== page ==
Cinnamon trees are part of the Lauraceae family and cinnamomum genus. The cinnamon itself is the inner bark of these trees. Cinnamon is a very popular and versatile spice. It is particularly useful in these winter months where it can work as an enjoyable addition to warm foods and beverages. It plays a large role in traditional Chinese medicine, for an array of ailments. So other than tasting great, what benefits can it provide to our body?
- Lowering blood glucose levels. In 2013, a systematic review and meta analysis of ten RCTs was undertaken to evaluate the effect of cinnamon on blood glucose and lipid levels – for which there has been mixed evidence. The results showed that cinnamon can actually help to lower fasting glucose levels in those who have diabetes or pre-diabetes! It also decreased LDL cholesterol, total cholesterol, triglycerides and increased HDL cholesterol. However, cinnamon should be used in conjunction with medication, not as a substitute.
- It is affordable, readily available and safe
- Cinnamon can be a flavourful replacement for added sugar or salt. This is a much healthier swap and will help to manage or lose weight!
- Versatility. It can be used in many different ways from hot to cold foods and savoury to sweet.
How to have more cinnamon
- Add it to your porridge of a morning – this is a popular one
- Sprinkle it over yoghurt
- Have it in a warm glass of milk (or hot chocolate)
- Try adding it to your tea or coffee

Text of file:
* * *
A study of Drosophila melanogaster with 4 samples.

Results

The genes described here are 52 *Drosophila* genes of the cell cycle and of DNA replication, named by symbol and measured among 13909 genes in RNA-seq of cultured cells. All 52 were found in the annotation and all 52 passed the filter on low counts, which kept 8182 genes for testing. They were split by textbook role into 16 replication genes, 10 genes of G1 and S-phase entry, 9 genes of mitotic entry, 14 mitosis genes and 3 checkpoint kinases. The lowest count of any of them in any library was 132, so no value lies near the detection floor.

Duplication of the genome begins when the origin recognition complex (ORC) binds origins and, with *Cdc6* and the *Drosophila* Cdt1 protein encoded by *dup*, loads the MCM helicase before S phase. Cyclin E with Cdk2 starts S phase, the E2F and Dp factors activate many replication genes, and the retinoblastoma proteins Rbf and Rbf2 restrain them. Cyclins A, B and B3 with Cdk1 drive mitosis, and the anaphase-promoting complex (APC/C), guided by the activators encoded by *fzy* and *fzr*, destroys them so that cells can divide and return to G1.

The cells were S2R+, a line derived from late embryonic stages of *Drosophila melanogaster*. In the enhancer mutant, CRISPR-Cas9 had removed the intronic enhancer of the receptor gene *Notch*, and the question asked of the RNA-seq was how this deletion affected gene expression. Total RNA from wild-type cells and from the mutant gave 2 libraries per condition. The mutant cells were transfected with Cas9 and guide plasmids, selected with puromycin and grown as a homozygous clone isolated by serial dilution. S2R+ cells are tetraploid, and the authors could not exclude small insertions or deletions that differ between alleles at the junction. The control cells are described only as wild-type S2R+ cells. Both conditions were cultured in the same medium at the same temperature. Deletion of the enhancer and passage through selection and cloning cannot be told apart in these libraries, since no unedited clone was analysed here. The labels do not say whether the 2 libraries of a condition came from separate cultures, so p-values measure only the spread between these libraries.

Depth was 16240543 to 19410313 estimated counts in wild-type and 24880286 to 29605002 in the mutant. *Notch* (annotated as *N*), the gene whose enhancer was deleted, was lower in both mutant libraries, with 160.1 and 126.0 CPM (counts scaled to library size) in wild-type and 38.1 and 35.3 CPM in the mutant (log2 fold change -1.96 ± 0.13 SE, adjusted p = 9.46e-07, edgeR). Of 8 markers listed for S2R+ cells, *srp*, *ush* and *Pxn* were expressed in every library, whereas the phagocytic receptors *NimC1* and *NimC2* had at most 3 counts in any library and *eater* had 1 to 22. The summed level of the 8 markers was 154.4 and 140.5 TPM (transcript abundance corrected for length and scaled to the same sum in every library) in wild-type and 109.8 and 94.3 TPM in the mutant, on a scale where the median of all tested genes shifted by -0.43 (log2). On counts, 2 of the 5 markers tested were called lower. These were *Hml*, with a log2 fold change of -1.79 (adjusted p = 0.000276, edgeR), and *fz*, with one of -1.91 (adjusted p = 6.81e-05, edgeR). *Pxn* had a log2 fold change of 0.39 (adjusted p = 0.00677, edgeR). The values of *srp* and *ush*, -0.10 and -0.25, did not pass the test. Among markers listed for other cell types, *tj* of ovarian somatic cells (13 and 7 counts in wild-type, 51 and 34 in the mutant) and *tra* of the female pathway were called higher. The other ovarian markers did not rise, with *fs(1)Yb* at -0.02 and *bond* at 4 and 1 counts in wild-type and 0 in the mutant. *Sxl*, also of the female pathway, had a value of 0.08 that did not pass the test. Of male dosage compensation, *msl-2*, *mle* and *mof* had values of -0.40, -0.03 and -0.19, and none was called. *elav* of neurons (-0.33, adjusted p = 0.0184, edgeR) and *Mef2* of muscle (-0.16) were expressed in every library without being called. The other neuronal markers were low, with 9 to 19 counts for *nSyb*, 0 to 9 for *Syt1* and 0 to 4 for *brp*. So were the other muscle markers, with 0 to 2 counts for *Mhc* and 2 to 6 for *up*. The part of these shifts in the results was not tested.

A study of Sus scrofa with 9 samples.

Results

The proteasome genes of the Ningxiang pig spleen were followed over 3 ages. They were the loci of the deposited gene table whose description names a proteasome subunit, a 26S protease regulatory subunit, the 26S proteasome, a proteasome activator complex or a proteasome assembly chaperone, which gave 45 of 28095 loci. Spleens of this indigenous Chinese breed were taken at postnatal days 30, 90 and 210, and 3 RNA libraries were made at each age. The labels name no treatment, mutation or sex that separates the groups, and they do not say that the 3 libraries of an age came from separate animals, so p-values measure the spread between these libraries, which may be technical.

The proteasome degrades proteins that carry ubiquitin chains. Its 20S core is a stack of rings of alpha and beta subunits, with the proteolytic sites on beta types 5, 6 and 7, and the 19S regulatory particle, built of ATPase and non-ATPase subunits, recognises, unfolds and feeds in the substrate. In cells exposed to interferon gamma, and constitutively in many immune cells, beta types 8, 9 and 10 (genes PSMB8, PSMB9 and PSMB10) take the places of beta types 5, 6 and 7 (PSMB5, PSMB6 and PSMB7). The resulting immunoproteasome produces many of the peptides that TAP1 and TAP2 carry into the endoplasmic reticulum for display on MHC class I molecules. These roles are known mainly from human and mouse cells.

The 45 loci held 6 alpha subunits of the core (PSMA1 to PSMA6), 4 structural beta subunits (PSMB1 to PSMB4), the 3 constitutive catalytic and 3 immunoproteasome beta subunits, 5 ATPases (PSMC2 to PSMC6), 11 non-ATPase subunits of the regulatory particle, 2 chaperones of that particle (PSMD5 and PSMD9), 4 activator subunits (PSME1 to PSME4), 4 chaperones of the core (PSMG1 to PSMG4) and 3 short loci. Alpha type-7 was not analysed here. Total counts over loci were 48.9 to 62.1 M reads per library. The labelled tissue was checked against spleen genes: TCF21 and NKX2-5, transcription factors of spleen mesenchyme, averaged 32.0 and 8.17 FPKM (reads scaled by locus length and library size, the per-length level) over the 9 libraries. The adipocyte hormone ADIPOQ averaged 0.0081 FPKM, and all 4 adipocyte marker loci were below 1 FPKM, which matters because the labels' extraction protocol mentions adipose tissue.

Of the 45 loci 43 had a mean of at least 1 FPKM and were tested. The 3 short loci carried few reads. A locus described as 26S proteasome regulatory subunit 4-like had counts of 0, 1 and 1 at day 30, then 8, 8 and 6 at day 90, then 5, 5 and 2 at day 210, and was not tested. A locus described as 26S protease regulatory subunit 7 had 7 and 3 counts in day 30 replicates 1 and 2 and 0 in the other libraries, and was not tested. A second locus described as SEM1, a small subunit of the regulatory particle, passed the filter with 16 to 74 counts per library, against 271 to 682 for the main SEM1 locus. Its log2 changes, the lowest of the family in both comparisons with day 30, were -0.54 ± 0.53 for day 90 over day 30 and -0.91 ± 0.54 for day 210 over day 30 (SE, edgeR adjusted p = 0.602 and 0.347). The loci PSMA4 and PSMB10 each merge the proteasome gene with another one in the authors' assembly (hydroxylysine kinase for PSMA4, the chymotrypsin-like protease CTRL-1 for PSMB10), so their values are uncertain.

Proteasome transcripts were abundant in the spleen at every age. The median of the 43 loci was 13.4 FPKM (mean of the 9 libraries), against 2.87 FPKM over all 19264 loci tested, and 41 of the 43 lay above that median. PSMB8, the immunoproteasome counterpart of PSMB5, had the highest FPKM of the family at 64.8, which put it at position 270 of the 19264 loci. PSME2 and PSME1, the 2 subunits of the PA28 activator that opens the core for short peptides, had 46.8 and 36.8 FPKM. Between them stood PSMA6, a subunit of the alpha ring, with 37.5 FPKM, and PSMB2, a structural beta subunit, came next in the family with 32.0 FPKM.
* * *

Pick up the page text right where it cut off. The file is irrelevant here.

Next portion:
- Sprinkle it on toast
Ginger is a herb and is also popular in traditional Chinese medicine. Ginger is actually a rhizome (or underground stem), not a root.
Ginger benefits to your health
Ginger helps with nausea related to cancer treatments, pregnancy, motion sickness, post surgery (2) Eases pain and inflammation resulting from osteoarthritis (2,3) Eases muscle pain and menstrual pain (2,3) It can also provide relief for upper respiratory tract infections and bronchitis (2)
Contact us for results focused nutritional advice
This article was written by our dietitian Belinda Elwin who is a Dietitians Association of Australia member and Accredited Practising Dietitian and Nutritionist. If you have questions about spices or any nutrition related issues, make an appointment. We‘ll provide you with a simple and effective routine targeted to your concerns. Contact us today.
- Allen R, Schwartzman E, Baker W, Coleman C, Phung O. Cinnamon use in type 2 diabetes: an updated systematic review and meta-analysis. Annals of Family Medicine. Pomona, California; 2013. www.ncbi.nlm.nih.gov
- Medline Plus. Ginger. Medline Plus. March 2014. Available from: www.nlm.nih.gov/medlineplus
- Black C, Herring M, Hurley D, O’Connor P. Ginger (Zingiber officinale) Reduces Muscle Pain Caused by Eccentric Exercise. The Journal of pain. Milledgeville, Georgia; 2010.